New study reveals potential of tidal stream energy

SIMEC Atlantis Energy’s AR1500 turbine being installed at MeyGen, North Scotland (Credit SIMEC Atlantis Energy)
SIMEC Atlantis Energy’s AR1500 turbine being installed at MeyGen, North Scotland (Credit SIMEC Atlantis Energy)

Tidal stream power has the potential to deliver 11% of the UK’s current annual electricity and play a significant role in the government’s drive for net-zero, according to new research.

The School of Engineering’s Dr Athanasios Angeloudis is a co-author of the study which says that harnessing the power of the ocean’s tidal streams can provide a predictable and reliable means of helping to meet the country’s future energy demand.

Dr Angeloudis and the team reviewed marine environment modelling techniques, which are used to assess the power generating potential of tidal energy in the UK.

Role of renewables

The multi-university research, led by the University of Plymouth, was conducted in response to a call from the Department for Business, Energy and Industrial Strategy (BEIS) for evidence on the opportunities presented by the tidal stream energy resource.

The UK Government has already committed to a Net Zero greenhouse gas emissions target by 2050 and, in 2017, almost 30% of the UK’s energy was generated through renewable technologies such as wind and solar power.

However, electricity demand is expected to more than double by 2050 and while wind and solar will be the main contributors to meet this demand, a diverse generation technology mix is needed to keep the lights on.

Government funding barriers and recent developments

While the researchers highlighted the pivotal role that tidal streams could play in meeting energy demand, they also emphasise that government funding is key to accelerating innovation and driving down cost so that future projects can provide cheap electricity.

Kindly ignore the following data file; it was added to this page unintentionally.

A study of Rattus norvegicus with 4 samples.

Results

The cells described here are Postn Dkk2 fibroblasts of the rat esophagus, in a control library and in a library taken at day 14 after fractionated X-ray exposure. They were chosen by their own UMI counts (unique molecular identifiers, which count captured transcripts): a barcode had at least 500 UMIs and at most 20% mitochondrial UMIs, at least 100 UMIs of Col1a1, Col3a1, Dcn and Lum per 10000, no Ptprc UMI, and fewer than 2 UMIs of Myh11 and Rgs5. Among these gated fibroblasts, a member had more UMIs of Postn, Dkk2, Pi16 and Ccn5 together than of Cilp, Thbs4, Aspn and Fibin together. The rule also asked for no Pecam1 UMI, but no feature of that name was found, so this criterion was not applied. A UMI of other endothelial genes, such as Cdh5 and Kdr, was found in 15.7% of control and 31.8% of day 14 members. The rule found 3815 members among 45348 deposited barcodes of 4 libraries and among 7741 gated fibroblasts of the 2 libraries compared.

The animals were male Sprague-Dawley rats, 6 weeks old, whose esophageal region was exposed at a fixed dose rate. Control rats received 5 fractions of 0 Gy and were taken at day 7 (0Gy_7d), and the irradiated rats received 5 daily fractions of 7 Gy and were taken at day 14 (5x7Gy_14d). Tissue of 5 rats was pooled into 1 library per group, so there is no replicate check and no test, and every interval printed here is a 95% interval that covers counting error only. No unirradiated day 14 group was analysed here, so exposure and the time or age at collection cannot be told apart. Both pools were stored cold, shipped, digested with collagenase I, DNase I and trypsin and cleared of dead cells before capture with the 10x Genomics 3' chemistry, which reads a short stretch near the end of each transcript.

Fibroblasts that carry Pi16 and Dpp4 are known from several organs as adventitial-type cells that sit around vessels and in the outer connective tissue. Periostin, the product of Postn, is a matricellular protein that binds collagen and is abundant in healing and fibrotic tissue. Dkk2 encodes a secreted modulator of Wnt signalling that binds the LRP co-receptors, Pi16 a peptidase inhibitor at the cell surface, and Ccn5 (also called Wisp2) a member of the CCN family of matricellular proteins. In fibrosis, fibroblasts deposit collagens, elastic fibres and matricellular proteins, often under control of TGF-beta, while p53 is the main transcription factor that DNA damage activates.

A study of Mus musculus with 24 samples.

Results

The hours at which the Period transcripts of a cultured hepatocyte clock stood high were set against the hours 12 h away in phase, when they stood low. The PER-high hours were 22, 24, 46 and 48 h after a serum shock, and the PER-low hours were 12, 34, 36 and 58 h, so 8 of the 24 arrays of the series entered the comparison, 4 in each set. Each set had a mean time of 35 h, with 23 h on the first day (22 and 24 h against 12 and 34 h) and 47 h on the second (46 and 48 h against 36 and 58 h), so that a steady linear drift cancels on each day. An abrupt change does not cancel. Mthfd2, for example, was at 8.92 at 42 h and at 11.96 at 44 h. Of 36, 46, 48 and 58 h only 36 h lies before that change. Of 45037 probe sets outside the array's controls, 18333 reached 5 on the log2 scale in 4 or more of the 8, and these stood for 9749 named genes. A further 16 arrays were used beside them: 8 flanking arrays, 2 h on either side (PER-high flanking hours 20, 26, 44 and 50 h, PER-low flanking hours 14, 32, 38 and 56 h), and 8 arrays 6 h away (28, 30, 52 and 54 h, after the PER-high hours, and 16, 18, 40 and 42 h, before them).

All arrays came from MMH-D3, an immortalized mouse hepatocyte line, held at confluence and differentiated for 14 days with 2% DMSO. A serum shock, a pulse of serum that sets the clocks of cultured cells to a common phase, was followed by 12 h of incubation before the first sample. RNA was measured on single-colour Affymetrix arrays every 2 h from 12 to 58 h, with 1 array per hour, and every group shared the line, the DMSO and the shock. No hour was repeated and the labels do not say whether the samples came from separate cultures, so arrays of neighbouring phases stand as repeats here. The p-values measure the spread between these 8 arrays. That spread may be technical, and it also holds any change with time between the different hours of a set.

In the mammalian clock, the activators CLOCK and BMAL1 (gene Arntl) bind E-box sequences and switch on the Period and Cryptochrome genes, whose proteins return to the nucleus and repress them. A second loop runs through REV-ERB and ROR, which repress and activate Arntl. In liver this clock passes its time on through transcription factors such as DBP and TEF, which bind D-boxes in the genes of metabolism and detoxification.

In the past, access to government funding has helped install 18 MW of tidal stream capacity, around 500 times less than the UK’s current offshore wind capacity. This relatively modest funding support to date has put the tidal stream sector on a steep cost reduction trajectory.

However, cost reduction has slowed since funding has been removed. Extending such support is essential to enable tidal energy to become cost competitive with gas turbines, biomass, and nuclear.

The study was last week cited by SNP Westminster Leader Ian Blackford, when he announced that £20million new funding will be ringfenced for tidal stream energy as part of UK Government efforts to support the burgeoning industry. This government funding commitment was one of the study’s desired outcomes at the time of its publication.

However, Blackford urged the government to release significant further funding, saying, “The level of investment that we put in now will ultimately determine whether the industry will reach its potential on these shores or we miss the chance and let it slip through our grasp.”

“Time is of the essence”

The study – published in Royal Society Proceedings A and led by the University of Plymouth – was released just a day before world leaders met at the COP26 conference in Glasgow to discuss the need for global agreements on clean energy.

Dr Danny Coles, Research Fellow at the University of Plymouth and the study’s lead author, said: “Our study shows there is considerable evidence to support an estimate that the UK and British Channel Islands’ tidal stream energy resource can provide 11% of our current annual electricity demand.

“Achieving this would require around 11.5 GW of tidal stream turbine capacity to be installed, and we currently stand at just 18 MW. It took the UK offshore wind industry approximately 20 years to reach 11.5 GW of installed capacity. If tidal stream power is going to contribute to the net zero transition, time is of the essence.”

Further findings

The study also explored the potential environmental effects of boosting tidal stream energy production, and found no evidence to suggest that the next phase of tidal stream development will cause significant detrimental environmental impact.

The physical environmental impacts are expected to be an order of magnitude less than those created by climate change. The regions with the highest tidal stream resource are the Pentland Firth and Orkney Waters, Scotland, and the Channel Islands – but both would require major grid infrastructure to connect them to high demand centres.

In tandem with that, however, other sites could be more easily developed on the South Coast of England and in the Bristol Channel, as they are in closer proximity to existing grid infrastructure and demand centres.

The UK government recently identified the grid integration of variable generation as a key challenge as renewable power penetration increases. Importantly, this new research finds that the cyclic, predictable nature of the tides can provide grid benefits over alternative variable power technologies such as wind, including supply-demand matching, for example.